Unclear whether the 19 killed were observing them

Children put up handwritten notes at a memorial for the fallen Granite Mountain Hotshot firefighters in Prescott, Ariz.

KRISTA KENNELL/afp/getty

Children put up handwritten notes at a memorial for the fallen Granite Mountain Hotshot firefighters in Prescott, Ariz.

PRESCOTT, Ariz. — Fire crews battling a wildfire should identify escape routes and safe zones. They should pay close attention to the weather forecast. And they should post lookouts.

The federal government issued those standards and others nearly two decades ago after a wildfire tragedy in Colorado. On Tuesday, investigators from around the United States arrived in Arizona to examine whether 19 crack firefighters who perished over the weekend heeded those rules or ignored them and paid with their lives.


The tragedy raised questions of whether the crew should have been pulled out much earlier and whether all the usual precautions would have made any difference in the face of triple-digit temperatures, erratic winds, and tinderbox conditions that caused the fire to explode.

In 1994, 14 firefighters died on Colorado’s Storm King Mountain, and investigators afterward found numerous errors in the way the blaze was fought. The US Forest Service revised its firefighting policies.

‘‘The reforms after Storm King were collectively intended to prevent that from happening again, which was mass entrapment of an entire Hotshot crew,’’ said Lloyd Burton, a University of Colorado professor of environmental law and policy.

‘‘There are so many striking parallels between this tragedy and what happened on Storm King in 1994, it’s almost haunting.’’


‘‘If you don’t have those things in place, it’s not advisable to deploy a team in the first place, because you can’t guarantee their safety,’’ Burton said.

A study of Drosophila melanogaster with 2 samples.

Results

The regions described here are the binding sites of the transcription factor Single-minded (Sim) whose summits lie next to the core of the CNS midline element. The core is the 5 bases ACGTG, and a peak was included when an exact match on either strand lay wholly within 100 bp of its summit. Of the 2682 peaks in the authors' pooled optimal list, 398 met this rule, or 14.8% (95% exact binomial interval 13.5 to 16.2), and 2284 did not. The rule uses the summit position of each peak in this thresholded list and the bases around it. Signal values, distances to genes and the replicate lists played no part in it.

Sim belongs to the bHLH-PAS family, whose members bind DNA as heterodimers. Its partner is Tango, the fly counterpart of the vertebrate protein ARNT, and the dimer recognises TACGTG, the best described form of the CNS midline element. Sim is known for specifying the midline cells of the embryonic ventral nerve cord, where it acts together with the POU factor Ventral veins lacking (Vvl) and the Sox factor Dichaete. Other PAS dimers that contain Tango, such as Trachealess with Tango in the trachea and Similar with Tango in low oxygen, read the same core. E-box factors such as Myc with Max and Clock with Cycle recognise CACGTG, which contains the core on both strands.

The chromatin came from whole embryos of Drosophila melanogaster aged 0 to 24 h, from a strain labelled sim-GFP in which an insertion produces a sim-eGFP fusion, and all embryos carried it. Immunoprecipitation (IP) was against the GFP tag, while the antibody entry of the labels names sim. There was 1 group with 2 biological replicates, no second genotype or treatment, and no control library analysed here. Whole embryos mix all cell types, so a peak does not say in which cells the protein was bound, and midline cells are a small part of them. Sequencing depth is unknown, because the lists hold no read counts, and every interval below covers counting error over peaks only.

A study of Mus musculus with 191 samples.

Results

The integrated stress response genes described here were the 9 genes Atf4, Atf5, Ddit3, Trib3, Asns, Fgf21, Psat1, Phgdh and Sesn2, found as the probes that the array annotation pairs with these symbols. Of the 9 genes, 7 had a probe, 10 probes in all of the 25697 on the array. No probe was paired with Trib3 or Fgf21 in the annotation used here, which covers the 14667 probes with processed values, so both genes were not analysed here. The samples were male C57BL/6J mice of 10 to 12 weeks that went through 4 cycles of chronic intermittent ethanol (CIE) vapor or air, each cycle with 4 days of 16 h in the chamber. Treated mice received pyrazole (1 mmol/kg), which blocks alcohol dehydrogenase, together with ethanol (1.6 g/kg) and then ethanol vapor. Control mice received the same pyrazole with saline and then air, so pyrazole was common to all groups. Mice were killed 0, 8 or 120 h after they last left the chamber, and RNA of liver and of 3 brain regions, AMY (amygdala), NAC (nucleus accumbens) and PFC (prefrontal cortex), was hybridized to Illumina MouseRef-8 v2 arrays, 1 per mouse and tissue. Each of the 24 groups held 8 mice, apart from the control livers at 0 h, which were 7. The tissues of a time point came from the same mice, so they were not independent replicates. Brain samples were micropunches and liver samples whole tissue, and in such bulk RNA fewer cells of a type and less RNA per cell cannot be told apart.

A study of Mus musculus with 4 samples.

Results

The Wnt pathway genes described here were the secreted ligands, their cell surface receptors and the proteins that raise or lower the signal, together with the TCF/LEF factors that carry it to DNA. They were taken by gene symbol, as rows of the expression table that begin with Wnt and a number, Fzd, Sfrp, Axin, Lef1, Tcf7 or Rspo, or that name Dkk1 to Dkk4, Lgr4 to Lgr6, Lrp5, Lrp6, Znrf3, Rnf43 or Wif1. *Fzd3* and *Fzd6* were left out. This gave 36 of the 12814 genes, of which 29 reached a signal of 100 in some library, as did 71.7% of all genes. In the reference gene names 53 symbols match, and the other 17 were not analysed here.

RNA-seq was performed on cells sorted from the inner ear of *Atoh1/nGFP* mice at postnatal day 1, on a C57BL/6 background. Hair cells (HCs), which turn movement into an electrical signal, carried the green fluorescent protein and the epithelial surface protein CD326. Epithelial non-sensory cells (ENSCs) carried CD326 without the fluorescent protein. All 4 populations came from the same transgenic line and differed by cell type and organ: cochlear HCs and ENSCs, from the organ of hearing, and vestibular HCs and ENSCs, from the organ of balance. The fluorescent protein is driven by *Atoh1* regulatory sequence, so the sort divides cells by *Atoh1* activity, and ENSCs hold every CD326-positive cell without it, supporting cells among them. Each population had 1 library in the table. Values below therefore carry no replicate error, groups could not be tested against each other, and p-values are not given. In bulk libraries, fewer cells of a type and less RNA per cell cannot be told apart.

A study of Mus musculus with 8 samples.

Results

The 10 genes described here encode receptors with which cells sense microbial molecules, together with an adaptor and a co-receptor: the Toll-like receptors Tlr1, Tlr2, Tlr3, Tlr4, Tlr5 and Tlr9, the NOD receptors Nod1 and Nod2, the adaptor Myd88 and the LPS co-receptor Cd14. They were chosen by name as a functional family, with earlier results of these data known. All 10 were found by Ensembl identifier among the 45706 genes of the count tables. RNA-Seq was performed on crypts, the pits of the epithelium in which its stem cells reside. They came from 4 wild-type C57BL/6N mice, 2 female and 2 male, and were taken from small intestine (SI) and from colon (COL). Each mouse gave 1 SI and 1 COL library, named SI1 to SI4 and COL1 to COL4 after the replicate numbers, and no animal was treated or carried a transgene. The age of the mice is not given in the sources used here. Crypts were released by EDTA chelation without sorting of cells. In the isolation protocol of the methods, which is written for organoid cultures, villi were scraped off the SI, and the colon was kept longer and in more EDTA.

The Prescott Hotshot team entered the smoky wilderness over the weekend with backpacks, chainsaws, and other gear to remove brush and trees and deprive the flames of fuel.

But the blaze grew from 200 acres to about 2,000 in a matter of hours.

‘‘What limited information we have was there was a gust of wind from the north that blew the fire back and trapped them,’’ said Prescott City Councilman Len Scamardo.

Dick Mangan, a retired US Forest Service safety official and consultant, said it’s too early to say if mistakes were made.

‘‘The fact that they’re dead and that they had to deploy fire shelters tells us that something was seriously wrong,’’ Mangan said. But then again, he said, they may have been doing everything right, and ‘‘this just might have been a weather anomaly that nobody saw coming that happened too quickly to respond to.’’

Mangan said the crew members might have taken too many risks because they were on familiar ground and were trying to protect a community they knew well.

‘‘When you’ve got . . . structures and residences involved, and you’ve got local resources, there’s a fair amount of social and political pressure, some of it self-generated by the firefighters, who want to do a good job,’’ he said. ‘‘They don’t want to see a community burn down. They want to get in there.’’

A team of fire officials drawn from across the country by Atlanta NIMO, or National Incident Management Organization, arrived in the area Tuesday to find out exactly what went wrong. They plan to make their way into the charred fire scene and issue a preliminary report in the coming days, said Mary Rasmussen, a spokeswoman for the Southwest Area Incident Management Team.

With the investigation just beginning, it’s not clear what help water- or retardant-dropping aircraft could have provided for the doomed crew.

One contractor, Neptune Aviation Services, had three aerial tankers making drops on the fire earlier in the day. But at the time the firefighters died, the planes had been grounded due to conditions, said chief executive Ronald Hooper.

However, government dispatch logs show at least two other planes were flying over the fire at the time, a large and a small tanker. There was also at least one firefighting helicopter in the air Sunday afternoon.

On Tuesday, about 500 firefighters battled the mountain blaze, which had burned about 13 square miles. Yavapai County authorities said about 200 homes and other structures burned in Yarnell, and hundreds of people were evacuated.

Wind even more powerful than the gusts that hit Sunday were forecast for Tuesday and could reach 80 mph, said National Weather Service meteorologist Jim Wallmann.

No part of the fire had been contained, and thunderstorms that could bring little rain and lots of lightning remained a major threat, said Karen Takai, a spokeswoman for the firefighting effort.